Chest radiograph (figure 1) revealed a small pneumomediastinum, left-sided hydropneumothorax, pneumoperitoneum and subcutaneous emphysema over the neck and upper chest walls. In addition, there was suggestion of free retroperitoneal air in the left hypochondrium. Further evaluation with CT (figure 2) confirmed the earlier radiographic findings and also demonstrated extension of the pneumomediastinum into the thoracic intraspinal epidural space (pneumorrhachis). Right lung apical subpleural blebs and a small left apical cystic lesion with surrounding ground-glass opacities possibly representing an infected bulla, were also noted. A water-soluble contrast swallow study performed showed no oesophageal or gastric perforation. Subsequent psychiatric evaluation revealed a diagnosis of restrictive subtype anorexia nervosa (AN). As the patient was relatively asymptomatic and no causative pulmonary disease was identified, she was conservatively managed with supportive care. The air leaks gradually resolved on subsequent chest radiographs. At the last follow-up, the patient remained clinically well with no recurrence and also showed improvement in her BMI.
Spontaneous non-traumatic air leaks outside the airways (ie, pneumothorax, pneumomediastinum, etc) occurring in isolation or in combination, are very rare. In the context of AN, malnourishment has been closely linked to reduced lung surfactant production and emphysematous-like changes which increases susceptibility to tissue injury and poor healing.1 AN is also associated with induced vomiting, which may cause oesophageal rupture and raised intrathoracic pressure, predisposing to developing pneumomediastinum, pneumothorax and pneumorrhachis. This is known as the Macklin effect, which postulates that alveolar rupture may result from increased intra-alveolar pressure and low perivascular pressure, causing air dissection through the thin alveolar walls and pulmonary interstitium into the mediastinum, pericardial, peritoneal cavities and less commonly, the epidural space, likely accounting for our patient’s air leaks.2 This was further complicated by the formation of apical bleb/bulla likely secondary to her malnourished state, which may have ruptured into the interpleural space.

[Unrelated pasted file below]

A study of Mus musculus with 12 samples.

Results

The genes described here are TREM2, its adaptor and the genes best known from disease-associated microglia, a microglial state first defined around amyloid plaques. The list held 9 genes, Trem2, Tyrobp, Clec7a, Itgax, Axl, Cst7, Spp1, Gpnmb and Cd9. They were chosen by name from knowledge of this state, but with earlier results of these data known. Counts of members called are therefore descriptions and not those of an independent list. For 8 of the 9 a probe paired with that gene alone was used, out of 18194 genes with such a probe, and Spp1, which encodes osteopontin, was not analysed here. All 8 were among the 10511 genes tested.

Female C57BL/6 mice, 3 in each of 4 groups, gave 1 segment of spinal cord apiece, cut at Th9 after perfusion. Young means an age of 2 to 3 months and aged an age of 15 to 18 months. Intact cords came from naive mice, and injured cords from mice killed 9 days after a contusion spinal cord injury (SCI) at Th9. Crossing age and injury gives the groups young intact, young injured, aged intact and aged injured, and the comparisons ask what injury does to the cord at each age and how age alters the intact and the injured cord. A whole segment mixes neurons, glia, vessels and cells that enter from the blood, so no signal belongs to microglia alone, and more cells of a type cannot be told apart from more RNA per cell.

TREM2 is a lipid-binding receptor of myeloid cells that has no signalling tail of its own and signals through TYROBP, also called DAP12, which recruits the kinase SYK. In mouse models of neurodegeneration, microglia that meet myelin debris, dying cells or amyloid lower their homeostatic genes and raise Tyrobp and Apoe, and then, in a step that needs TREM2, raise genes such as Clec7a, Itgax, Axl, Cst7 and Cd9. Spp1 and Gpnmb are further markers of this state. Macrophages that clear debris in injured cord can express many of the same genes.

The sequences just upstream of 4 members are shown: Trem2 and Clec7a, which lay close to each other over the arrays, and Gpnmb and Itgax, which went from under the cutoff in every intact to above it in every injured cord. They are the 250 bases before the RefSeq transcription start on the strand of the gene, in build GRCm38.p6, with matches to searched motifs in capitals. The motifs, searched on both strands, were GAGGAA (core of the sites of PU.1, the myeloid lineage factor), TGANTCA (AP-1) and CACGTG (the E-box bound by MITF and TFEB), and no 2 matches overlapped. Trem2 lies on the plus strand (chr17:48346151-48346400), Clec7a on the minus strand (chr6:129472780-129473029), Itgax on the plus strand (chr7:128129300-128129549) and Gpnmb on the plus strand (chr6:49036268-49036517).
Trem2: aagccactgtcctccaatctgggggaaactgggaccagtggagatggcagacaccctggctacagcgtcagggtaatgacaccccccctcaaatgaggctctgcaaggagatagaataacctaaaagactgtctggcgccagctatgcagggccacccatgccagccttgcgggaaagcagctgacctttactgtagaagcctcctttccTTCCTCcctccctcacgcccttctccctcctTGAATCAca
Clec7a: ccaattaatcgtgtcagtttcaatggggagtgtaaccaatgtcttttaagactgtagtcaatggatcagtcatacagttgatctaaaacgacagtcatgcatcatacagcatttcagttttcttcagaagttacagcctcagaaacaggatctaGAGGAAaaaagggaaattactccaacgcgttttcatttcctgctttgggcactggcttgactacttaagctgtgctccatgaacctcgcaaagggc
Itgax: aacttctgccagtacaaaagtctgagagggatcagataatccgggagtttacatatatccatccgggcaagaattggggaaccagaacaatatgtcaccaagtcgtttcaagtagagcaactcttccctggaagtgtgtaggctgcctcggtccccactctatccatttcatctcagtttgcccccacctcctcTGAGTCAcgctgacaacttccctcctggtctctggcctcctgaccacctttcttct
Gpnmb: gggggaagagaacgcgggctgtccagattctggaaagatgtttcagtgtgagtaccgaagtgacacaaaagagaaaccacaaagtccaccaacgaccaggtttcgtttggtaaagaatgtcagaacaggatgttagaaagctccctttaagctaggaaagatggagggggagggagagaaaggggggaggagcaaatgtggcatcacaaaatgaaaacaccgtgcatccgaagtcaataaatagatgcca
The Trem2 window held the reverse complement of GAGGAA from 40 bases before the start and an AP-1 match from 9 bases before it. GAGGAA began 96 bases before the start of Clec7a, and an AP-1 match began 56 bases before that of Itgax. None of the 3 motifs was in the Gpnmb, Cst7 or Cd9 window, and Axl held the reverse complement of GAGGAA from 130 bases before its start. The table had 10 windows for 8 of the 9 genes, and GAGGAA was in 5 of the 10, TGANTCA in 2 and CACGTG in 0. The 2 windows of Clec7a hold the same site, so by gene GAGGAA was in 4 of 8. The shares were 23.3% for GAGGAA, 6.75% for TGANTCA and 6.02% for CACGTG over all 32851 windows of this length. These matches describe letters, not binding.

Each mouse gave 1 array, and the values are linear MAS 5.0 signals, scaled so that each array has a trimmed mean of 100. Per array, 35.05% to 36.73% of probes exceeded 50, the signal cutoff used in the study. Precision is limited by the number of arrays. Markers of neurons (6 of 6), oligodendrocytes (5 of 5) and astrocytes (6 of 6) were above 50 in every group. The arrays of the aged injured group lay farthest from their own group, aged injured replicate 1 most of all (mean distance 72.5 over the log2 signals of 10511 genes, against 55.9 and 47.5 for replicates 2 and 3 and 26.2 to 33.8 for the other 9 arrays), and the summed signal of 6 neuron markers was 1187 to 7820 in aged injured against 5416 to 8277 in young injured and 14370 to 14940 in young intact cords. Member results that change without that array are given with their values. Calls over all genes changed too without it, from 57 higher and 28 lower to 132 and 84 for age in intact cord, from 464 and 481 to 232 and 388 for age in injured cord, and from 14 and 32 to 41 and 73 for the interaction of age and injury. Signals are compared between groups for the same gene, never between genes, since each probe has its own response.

Other risk factors for developing spontaneous air leaks include male gender and vigorous exercise.2 The development of emphysematous-like lung changes without underlying pulmonary disease has also been reported in the HIV population, where bronchial dilation and premature bullous disease were seen in affected patients, predisposing to air leaks.3
When air leaks are identified, visceral organ injuries should be excluded as this would require surgical intervention. In severe cases of AN, a persistent alveolar-pleural fistula may develop and can be identified on CT. Depending on severity, the management of patients with AN-associated air leaks usually involves a medically conservative and multidisciplinary team approach until the source of the air leak heals.1 2 Currently, the duration required for restoration of normal pulmonary physiology and whether emphysematous-like changes will improve with refeeding are yet to be determined.1 However, patients generally recover well with spontaneous resolution of the air leaks without any significant sequelae.
Spontaneous air leak syndromes such as pneumothorax and pneumomediastinum are rare, but life-threatening complications of anorexia nervosa (AN) that may also arise from emphysematous-like lung changes related to malnourishment. These should be considered in patients with AN presenting with respiratory symptoms.
Prompt imaging with radiography, CT and fluoroscopy (where clinically indicated) should be performed to exclude any serious causes of diffuse air leaks such as a perforated viscus, which may require urgent surgical intervention. CT of the chest is useful in determining the extent of the air leaks as well as differentiating between their primary and secondary causes. CT is also essential in assessing for other pulmonary complications such as aspiration pneumonitis, mediastinitis and persistent alveolar-pleural fistula that can develop in severe cases of AN over time.
The management approach of AN-associated air leaks is usually conservative until the source of the air leak resolves.
Contributors TSET and JSHT were involved in conception and drafting of the article as well as performing the literature search. Both authors approved the final version.
Funding The authors have not declared a specific grant for this research from any funding agency in the public, commercial or not-for-profit sectors.
Competing interests None declared.
Patient consent Obtained.
Provenance and peer review Not commissioned; externally peer reviewed.